Monday, July 8, 2019

A U.S. Win

TigerBlog's Sunday bike ride with John McPhee had to be moved up to the very early morning.

Was it going to be too hot later in the day? Raining?

Neither of those. It had to be done in time to watch the championship game of the Women's World Cup.

There was a long time in the world sporting culture where a women's soccer game couldn't possibly generate the kind of interest that the most recent World Cup final did. If you missed it, the United States defeated the Netherlands 2-0, completing a dominant run to a second-straight title.

In fact, there was a long time when there was no women's soccer on the international stage at all.

The men's World Cup was first contested in 1930. It would be 61 years - in 1991 - until the women had their first World Cup.

Soccer has been an Olympic sport for the men since 1900. The women first had Olympic soccer in 1996.

To go from that to what the Women's World Cup has become in a relatively short time says something about the progress that women's sports have made. The current state of unequal pay between the men and women also says something as well.

TigerBlog doesn't want to get into the politics of the event, because there are certainly lots of them. He'll leave that for his friend Sean Gregory, the former Princeton men's basketball player who covers sports for Time Magazine.

He wrote THIS after the game, which covers all of issues surrounding the U.S. team. Included in Sean's story is this:
Record numbers of viewers tuned into the tournament. In Britain, England’s semi-final match against America drew 11.7 million viewers, making it the most-watched TV broadcast in Great Britain this year. France’s quarterfinal against the U.S. attracted 10.7 million viewers, making it the most watched TV broadcast of the year in France too. In Brazil, that country’s round-of-16 game against France drew the highest-ever audience for a women’s World Cup game — 35.2 million people. FIFA expects that more than one billion people will have watched this World Cup across all platforms, up from around some 830 million in 2015.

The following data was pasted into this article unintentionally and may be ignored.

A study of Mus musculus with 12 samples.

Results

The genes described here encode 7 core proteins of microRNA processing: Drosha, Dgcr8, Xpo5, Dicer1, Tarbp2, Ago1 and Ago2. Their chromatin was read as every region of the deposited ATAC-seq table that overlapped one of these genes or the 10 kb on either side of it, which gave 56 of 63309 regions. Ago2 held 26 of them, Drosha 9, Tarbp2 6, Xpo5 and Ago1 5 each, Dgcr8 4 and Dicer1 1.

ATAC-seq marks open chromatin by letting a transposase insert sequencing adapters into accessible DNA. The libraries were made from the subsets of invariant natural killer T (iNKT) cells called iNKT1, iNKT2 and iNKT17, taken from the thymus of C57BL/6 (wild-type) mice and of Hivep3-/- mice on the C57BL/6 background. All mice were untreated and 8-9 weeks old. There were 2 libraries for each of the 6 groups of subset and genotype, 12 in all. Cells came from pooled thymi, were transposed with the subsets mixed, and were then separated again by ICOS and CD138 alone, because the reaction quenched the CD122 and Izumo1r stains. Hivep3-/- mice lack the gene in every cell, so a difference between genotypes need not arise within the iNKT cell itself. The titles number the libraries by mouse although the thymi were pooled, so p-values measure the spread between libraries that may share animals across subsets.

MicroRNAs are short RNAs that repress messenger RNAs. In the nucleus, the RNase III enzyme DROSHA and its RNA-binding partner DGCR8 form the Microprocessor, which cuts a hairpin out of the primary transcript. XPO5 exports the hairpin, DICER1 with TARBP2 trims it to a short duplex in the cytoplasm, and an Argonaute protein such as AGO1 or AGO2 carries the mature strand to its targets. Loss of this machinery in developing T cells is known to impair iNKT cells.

The story doesn't make reference to the numbers in the United States, but they had to be huge as well.

TigerBlog has said this a lot here, but one of the biggest things that's happened at Princeton since he arrived is the extraordinary way that male fans have embraced women's teams, in ways that seemed very unlikely 25 or so years ago. Some of this, at least, is attributable to the growth of women's sports - especially soccer - on the international level.

TigerBlog was mostly rooting for Jill Ellis in the most recent Women's World Cup. He first met the U.S. coach nearly 20 years ago, and he was the women's soccer contact for Princeton when Ellis and her UCLA team defeated the Tigers in the 2004 Final Four.

He can vouch for you that Ellis is well worth rooting for and an extraordinarily nice person. And now she is the second coach (and first woman and first since 1934 and 1938) to coach a team to two World Cup titles.

Ellis, who was born in England and then moved to Virginia, played soccer at the College of William and Mary, back before there was a Women's World Cup. One of her teammates there was named Nancy Reinisch, who happened to be three years behind TB in high school, as an aside.

Nancy now is the mother of Kevin O'Toole, whom you might recognize as the reigning Ivy League Offensive Player of the Year in men's soccer. Kevin led Princeton to the Ivy League championship and into the NCAA tournament this past fall.

Nancy and Kevin were both in Lyon, France, for the final yesterday. In fact, Nancy was there as part of a larger W&M group of alums there to support Ellis.

There were other Princeton alums there as well, including Matt Sanner, a 2013 grad and two-time first-team All-Ivy League selection whose brother Thomas was the 2015 Ivy League Offensive Player of the Year.

TigerBlog loves the World Cup, both of the World Cups, for that matter.

He'll miss it now that the games are over, just like the men's last year. Next up will be the 2020 Summer Olympic Games in Tokyo for his international summer fix.

As for this World Cup, he's happy for Jill Ellis, who did something extraordinary. Most coaches don't make it through two World Cup cycles, let alone win two of them.